Warmth is relative!
The other day I was walking our dog and the temperatures were in the single digits with a frigid wind blowing. I hurried Halo along as my face was seriously freezing and my nose was numb but Halo loves the cold and was bouncing around, investigating and sniffing everything in sight. I eventually opened the door of the house and Halo and I went inside, and the house temperature of 66 degrees felt balmy. My coat and hat and gloves and sweater came off, and I settled down to work. The funny thing is, within a half hour, I was freezing. My 98.6 degree body didn’t find that 66 degrees to be warm at all, so once again my sweater was on and I shiveringly started a fire in our wood stove. A while later, I was able to get the house temperature up to a whopping 79, which was way too hot, and I pulled the sweater off and stopped feeding the fire until the temperature reached a comfortable 72. Comfortable for me, that is. Halo glanced at me and wandered to the other end of the house where it was cooler, which was much more acceptable to her.
So what does this have to do with real estate?
Simply, what is warm to one person might not be warm to another, and what one person finds warm at one time in their life, won’t feel that way at another time. That burnt sienna on the den walls that a seller finds to be inviting as they curl up on their couch in front of a fire reading a book, might freeze that buyer out who thinks, “Ick, brown, that would look horrible with my furniture.” The strong colors of any room might appeal to one buyer but not another. Reds, yellows and oranges might be classified as “warm” colors but not everyone “warms” to them. And of course while paint is easy to change, buyers often cannot see past what they can see.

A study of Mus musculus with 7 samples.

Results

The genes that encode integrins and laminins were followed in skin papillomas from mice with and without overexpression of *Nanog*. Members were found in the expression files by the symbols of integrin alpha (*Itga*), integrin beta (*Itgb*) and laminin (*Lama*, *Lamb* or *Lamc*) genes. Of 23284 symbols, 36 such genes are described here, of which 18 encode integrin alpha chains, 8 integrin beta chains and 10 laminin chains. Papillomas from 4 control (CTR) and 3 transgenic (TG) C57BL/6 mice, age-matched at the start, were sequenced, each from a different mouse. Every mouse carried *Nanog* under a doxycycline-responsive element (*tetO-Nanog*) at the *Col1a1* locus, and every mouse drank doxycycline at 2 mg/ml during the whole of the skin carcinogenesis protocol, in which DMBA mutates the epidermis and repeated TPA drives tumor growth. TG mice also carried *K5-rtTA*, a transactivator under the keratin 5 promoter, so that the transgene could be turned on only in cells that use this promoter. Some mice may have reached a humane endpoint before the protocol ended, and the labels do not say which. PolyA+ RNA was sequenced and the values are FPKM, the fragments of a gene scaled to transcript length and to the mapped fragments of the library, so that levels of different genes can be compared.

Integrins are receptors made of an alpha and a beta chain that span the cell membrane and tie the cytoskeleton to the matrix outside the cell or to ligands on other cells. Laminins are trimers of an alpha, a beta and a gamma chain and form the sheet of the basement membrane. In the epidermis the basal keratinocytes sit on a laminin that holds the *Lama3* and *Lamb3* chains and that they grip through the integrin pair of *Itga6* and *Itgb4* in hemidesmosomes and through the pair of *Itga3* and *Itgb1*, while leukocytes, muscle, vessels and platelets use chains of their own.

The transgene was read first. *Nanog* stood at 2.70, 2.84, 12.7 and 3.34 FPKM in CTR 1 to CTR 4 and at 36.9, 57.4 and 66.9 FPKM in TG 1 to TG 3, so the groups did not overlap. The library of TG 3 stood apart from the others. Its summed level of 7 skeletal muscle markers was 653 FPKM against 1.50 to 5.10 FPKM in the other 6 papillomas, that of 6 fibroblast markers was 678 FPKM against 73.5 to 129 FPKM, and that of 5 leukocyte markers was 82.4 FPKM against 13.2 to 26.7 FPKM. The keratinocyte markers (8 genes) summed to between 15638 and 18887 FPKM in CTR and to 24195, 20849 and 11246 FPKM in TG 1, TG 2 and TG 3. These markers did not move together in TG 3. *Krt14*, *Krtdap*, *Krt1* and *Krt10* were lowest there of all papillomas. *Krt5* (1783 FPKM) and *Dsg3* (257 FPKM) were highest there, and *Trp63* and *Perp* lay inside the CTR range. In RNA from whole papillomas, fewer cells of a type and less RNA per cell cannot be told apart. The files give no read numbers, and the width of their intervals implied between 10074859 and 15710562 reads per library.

Also, what a buyer might find attractive at one point in their life, simply won’t work at another. Another Kat story — when I was a tween, apparently I loved the color purple, which is my parent’s explanation when I asked them why the heck I had lavender walls in my bedroom. “Well, it was your favorite color!” I won’t go anywhere near purple now; I don’t want any shade in my clothes or home. Had I been in the market for a house forty years ago and it had lavender walls, it would have invited me to make an offer! Now? Not so much.
So my point is two-fold. What a seller thought looked warm and comfortable when they designed it, might not attract buyers now. When getting a home ready to sell, the seller should attempt to attract as many people as possible, and that might mean changing paint colors to something muted. And for buyers, agents need to find out what truly attracts them at this point in their life, and help them find a home that will make them say, “Aaaaaah, that’s perfect!”.
Warmth is relative, in life and real estate.